We were at the beach where my son Evan kept vacillating between trying hard to be extraordinarily good and having a hard time controlling his frustration.
He chose the extraordinarily good when he decided to approach a boy about his age and his entire extended family. “Can you please stop making those siren noises? It really bothers me,” I heard him say from across the sand.
My son, who is autistic, proudly ran back to me to announce what he did. Evan also told me the kid hit his inner tube after he asked him to stop making the noises. I knew he wasn’t lying, and I was surprised nobody said anything to this boy about hitting. I was especially annoyed when I heard the grandmother loudly proclaim, “What was that all about?”
I couldn’t understand what was so confusing about a kid asking another kid to stop making a noise that scared him?
I waited until Evan was out of earshot so that I could tell her exactly “what that was all about.”
They saw me approaching and I watched grandma and some other family members tense up. I never like to have these conversations, and I especially don’t like to have them in front of Evan because I don’t ever want him to use his autism as an excuse. He wouldn’t understand the difference between an excuse and an explanation. This family clearly needed an explanation because explaining autism can hopefully help raise awareness and acceptance.
I think I was also still pretty fired up over a conversation I had with another autism mom two days before. She and her son don’t ever go out because the harsh comments and stares from others are hard on her. I told her that’s exactly why she should get out and suggested that she and a group of moms and their kids head to the playground to raise autism awareness. Thinking of her and her son, I — a person who despises confrontation — was surprisingly calm as I walked over to the family at the beach.
“My son has autism and certain noises really bother him,” I said. I was prepared to say more, but they interrupted me.
“He has autism too,” someone said. “He’s mostly nonverbal, and he likes to make that sound.”
I looked down at the boy who was sitting in a beach chair, his face obstructed by a wide-brim sunhat, and I saw a 10-year-old boy I would soon learn was named Connor.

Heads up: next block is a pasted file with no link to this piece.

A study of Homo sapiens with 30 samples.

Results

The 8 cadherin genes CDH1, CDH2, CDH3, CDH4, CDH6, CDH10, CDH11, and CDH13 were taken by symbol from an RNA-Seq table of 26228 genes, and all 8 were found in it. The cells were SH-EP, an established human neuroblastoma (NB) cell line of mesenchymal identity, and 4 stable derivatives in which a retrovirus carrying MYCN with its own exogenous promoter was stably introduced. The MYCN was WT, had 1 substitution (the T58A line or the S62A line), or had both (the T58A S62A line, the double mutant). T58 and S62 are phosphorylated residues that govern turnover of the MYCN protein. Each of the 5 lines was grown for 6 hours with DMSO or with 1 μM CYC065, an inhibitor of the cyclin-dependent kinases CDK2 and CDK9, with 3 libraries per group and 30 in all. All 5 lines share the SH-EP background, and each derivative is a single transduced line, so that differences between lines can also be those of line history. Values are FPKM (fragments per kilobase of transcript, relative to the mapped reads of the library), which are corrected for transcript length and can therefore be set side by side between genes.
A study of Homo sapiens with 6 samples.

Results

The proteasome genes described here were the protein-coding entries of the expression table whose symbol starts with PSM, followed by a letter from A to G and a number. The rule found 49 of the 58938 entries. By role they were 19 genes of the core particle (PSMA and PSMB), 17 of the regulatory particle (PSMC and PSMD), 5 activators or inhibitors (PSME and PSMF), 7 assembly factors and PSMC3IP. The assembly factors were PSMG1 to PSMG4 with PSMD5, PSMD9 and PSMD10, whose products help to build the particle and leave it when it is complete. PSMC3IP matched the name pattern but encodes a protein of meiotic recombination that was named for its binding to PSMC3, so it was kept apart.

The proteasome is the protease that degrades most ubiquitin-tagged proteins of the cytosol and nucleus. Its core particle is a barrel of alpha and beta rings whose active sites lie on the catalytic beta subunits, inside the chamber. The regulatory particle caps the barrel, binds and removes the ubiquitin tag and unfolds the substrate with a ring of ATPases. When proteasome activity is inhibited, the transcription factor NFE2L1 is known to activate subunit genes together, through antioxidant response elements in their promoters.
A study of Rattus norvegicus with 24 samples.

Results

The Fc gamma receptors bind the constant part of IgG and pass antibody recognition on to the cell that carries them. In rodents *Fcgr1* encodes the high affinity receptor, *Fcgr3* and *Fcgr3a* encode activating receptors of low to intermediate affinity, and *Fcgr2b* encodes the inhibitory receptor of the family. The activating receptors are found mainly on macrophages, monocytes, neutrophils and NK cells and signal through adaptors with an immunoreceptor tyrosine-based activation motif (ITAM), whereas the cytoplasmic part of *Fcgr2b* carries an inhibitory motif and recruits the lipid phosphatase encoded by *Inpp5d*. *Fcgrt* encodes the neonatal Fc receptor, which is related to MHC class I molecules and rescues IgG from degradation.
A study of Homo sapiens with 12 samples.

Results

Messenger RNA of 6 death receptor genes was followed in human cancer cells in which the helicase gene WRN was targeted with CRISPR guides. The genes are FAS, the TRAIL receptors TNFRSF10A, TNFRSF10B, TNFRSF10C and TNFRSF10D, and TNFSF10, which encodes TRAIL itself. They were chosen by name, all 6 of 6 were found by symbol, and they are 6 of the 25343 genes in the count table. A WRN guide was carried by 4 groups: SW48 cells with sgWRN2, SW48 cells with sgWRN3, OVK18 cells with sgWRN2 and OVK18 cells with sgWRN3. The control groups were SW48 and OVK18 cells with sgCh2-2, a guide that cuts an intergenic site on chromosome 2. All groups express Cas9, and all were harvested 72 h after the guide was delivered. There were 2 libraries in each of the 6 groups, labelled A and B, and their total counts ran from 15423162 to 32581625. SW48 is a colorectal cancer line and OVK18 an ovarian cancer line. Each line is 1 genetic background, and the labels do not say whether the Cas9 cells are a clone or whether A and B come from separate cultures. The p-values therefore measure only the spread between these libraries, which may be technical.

His mom and I high-fived each other because I guess that’s what you do when you meet a stranger who understands your unique experiences raising a child who doesn’t fit neatly into a box. Among all the moms of kids splashing in the water and digging in the sand, we knew we understood each other more than any other parent at the lake that day.
We talked briefly, trading stats on our kids like they were professional baseball players. Instead of discussing batting averages, we talked about things like verbal versus nonverbal and our kids’ sensory triggers. She smiled and said she knew something was up with Evan when he approached them (even if grandma’s A-dar wasn’t beeping).
I told her what a big deal it was that Evan didn’t just come over and start yelling at her son for making those noises, and that this was the first time I’ve seen him appropriately advocate for himself.
But as we both knew, autism moms don’t have much time to chat when their kids are around. Our conversation lasted less than a minute before Evan required my attention.
We said a quick goodbye, and Evan and I had a little talk about autism too. I told him that Connor also has autism and that he makes those noises because it makes him happy or it helps him feel better. I told him that Connor, who is the same age as he, may have hit his inner tube because he doesn’t have words and was probably upset that someone told him to stop doing something that was making him happy.
I think Evan liked meeting someone new with autism, because when we got home, he kept saying things like “autism is awesome” and “I love autism and special needs and disabilities.”
I never expected the conversation to go the way it did. I was prepared to unleash the wrath of a mama bear on this family and then get a half-hearted apology. Instead, I met a member of my tribe.
Evan may say he loves autism. I love that autism is everywhere because it makes it easier to find understanding in a world that can be cruel and judgmental.
It was nice to meet you today, Connor’s mom. I’m so glad you were there to understand exactly what was going on and what a big deal it was for Evan to be the self-advocate he was. I hope that the next time someone approaches you about Connor’s noises that your interaction goes as well as ours did today.